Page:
Book of the Week Book of the Week: Concrete Octopus – A Pick by Laura M. André Laura M. André selects Concrete Octopus, by Osamu Kanemura, as Book of the Week.
Concrete Octopus Photographs by Osamu Kanemura 
Pierre von Kleist and Osiris, 2017.

Laura M. André selects Concrete Octopus as Book of the Week.

Tokyo born in 1964, Osamu Kanemura first gained international recognition for his 2001 book, Spider's Strategy (Osiris), a series of dense and dizzying images of his native city. Since then, several additional Japanese publications with small print runs and eccentric titles (Stravinsky Overdrive, Suzy Cream Oil Cheese) have featured his work. In addition the photographer/filmmaker has released several DVDs, such as Elvis the Positive Thinking Pelvis (2014). But last year's release of Concrete Octopus, a joint effort from Lisbon-based Pierre von Kleist and Tokyo's Osiris publishers, brings Kanemura's distinctive still image work back to the forefront.

The fact that Kanemura's two most important publications reference animals in their titles betrays a deliberate consideration of the city as a kind of giant organism — an as-yet-undiscovered Linnaean phylum within the Animalia kingdom. The photographs in the oxymoronically titled Concrete Octopus do, in fact, seem to present something unimaginable: a writhing mass of solid material, simultaneously fixed, yet in constant motion.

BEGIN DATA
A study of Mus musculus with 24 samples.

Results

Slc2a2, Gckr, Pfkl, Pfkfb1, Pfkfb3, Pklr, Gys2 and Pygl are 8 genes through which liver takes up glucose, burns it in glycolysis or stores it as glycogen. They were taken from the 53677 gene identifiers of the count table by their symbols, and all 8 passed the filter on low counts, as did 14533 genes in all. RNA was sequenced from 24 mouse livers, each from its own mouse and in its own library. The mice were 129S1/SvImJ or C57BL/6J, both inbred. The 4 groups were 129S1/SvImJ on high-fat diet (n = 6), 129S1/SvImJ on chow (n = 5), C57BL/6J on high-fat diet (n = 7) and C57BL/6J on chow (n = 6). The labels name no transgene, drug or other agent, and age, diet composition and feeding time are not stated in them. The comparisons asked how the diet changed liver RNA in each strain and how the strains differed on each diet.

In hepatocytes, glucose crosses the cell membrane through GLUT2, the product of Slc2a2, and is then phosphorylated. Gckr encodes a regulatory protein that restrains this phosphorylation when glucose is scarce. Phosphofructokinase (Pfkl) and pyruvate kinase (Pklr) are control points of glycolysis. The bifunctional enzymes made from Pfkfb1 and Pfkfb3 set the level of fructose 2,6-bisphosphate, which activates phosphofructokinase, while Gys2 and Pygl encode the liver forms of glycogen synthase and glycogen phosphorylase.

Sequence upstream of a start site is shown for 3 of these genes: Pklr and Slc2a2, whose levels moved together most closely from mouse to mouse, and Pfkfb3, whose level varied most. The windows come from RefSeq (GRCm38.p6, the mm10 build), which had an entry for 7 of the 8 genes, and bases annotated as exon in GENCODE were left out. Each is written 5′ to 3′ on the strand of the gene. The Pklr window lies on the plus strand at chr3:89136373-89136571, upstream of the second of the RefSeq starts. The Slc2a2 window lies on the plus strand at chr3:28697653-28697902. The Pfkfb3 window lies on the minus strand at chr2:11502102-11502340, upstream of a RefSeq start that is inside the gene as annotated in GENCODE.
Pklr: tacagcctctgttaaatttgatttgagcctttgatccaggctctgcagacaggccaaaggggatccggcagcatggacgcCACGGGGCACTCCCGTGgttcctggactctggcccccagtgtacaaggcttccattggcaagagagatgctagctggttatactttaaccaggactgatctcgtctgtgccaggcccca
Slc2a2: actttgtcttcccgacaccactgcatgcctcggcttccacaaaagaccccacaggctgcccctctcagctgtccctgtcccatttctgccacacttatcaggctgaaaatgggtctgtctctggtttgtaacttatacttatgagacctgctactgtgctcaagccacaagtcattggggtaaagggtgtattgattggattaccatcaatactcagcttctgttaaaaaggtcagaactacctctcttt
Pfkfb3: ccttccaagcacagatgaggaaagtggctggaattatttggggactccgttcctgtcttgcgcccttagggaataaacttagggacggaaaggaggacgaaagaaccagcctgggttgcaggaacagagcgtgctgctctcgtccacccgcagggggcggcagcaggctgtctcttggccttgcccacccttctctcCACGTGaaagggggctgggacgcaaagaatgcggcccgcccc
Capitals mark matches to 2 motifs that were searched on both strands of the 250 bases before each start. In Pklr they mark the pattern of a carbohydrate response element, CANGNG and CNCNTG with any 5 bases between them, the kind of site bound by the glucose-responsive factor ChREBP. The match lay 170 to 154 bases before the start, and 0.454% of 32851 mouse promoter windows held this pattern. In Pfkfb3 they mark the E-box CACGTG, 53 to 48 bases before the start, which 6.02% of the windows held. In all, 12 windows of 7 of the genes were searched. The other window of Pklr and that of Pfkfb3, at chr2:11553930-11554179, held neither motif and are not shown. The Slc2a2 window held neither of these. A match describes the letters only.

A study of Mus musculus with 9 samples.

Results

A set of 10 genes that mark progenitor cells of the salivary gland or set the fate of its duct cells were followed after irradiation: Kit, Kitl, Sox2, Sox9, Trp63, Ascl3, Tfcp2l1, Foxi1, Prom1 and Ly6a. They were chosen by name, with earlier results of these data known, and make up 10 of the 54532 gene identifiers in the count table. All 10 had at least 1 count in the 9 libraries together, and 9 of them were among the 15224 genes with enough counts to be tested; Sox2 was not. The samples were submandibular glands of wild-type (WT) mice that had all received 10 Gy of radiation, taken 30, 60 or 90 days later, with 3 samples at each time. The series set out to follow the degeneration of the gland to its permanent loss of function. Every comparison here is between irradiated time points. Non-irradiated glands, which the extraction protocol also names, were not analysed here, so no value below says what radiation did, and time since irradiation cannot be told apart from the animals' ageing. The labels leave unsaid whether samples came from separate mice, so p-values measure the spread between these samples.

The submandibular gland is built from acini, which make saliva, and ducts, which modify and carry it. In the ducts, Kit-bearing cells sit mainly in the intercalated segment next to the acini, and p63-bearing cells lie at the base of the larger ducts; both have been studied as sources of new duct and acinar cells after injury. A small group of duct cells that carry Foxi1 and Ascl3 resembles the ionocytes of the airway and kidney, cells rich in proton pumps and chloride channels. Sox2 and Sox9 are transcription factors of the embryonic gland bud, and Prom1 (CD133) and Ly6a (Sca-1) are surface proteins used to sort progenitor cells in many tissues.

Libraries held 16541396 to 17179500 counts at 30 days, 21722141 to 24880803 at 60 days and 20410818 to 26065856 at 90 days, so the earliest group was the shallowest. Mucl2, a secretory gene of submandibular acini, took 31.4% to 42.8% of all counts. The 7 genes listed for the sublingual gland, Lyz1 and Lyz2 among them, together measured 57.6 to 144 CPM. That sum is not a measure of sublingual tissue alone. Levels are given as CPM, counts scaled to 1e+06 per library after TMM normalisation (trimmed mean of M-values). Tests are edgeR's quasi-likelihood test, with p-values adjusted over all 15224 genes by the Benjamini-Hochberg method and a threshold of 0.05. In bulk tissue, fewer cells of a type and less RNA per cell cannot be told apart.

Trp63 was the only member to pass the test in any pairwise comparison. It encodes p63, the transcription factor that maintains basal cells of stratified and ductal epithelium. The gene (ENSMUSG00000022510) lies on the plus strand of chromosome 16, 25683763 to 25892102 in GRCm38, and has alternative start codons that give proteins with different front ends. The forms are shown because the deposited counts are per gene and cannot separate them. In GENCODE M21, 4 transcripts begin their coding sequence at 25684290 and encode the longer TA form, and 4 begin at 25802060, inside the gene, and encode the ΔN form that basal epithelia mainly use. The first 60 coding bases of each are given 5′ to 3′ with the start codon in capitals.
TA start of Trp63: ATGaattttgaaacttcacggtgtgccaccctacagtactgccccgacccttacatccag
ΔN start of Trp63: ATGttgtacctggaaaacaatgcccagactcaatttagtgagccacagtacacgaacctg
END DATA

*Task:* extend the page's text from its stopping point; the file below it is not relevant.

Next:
Actual animals, human or otherwise, figure only incidentally in Kanemura's images, like small fish swimming dangerously close to a giant squid. However, as viewers, those of us on the outside of this wild, urban aquarium can safely peer through the glass into the deep, sometimes murky spaces of Kanemura's city. We can thus interpret his photographs both as flattened space, graphically marked with dense arrays of layered, intersecting orthogonal and diagonal lines, and as two-dimensional renderings of infinitely receding space, like the obsessive perspectival drawings and paintings of Piero della Francesca in 15th-century Italy.

As a follow up to Spider's StrategyConcrete Octopus capitalizes on Kanemura's both-and interpretive multiplicity — or is it duplicity? — to uphold his ongoing, conceptual strategy: to destabilize any sense of concrete understanding of both the photograph and of the world in general. This is particularly evident in how Kanemura uses the two-page spread to create more than the usual, often annoying disruption at the spine, where the two halves of a single frame meet. The missing part of the image is thus not merely an unfortunate side effect of the book's design, but rather a deliberate tactic that makes brilliant use of all those intersecting linear elements and furthers Kanemura's goals: discontinuity and disorientation. It's a fitting document of our time.


Concrete OctopusPhotographs by Osamu Kanemura. Pierre von Kleist and Osiris, 2017

Concrete OctopusPhotographs by Osamu KanemuraPierre von Kleist and Osiris, 2017.


Concrete Octopus. Photographs by Osamu Kanemura. Text by Chris Fujiwara. Pierre von Kleist and Osiris, 2017.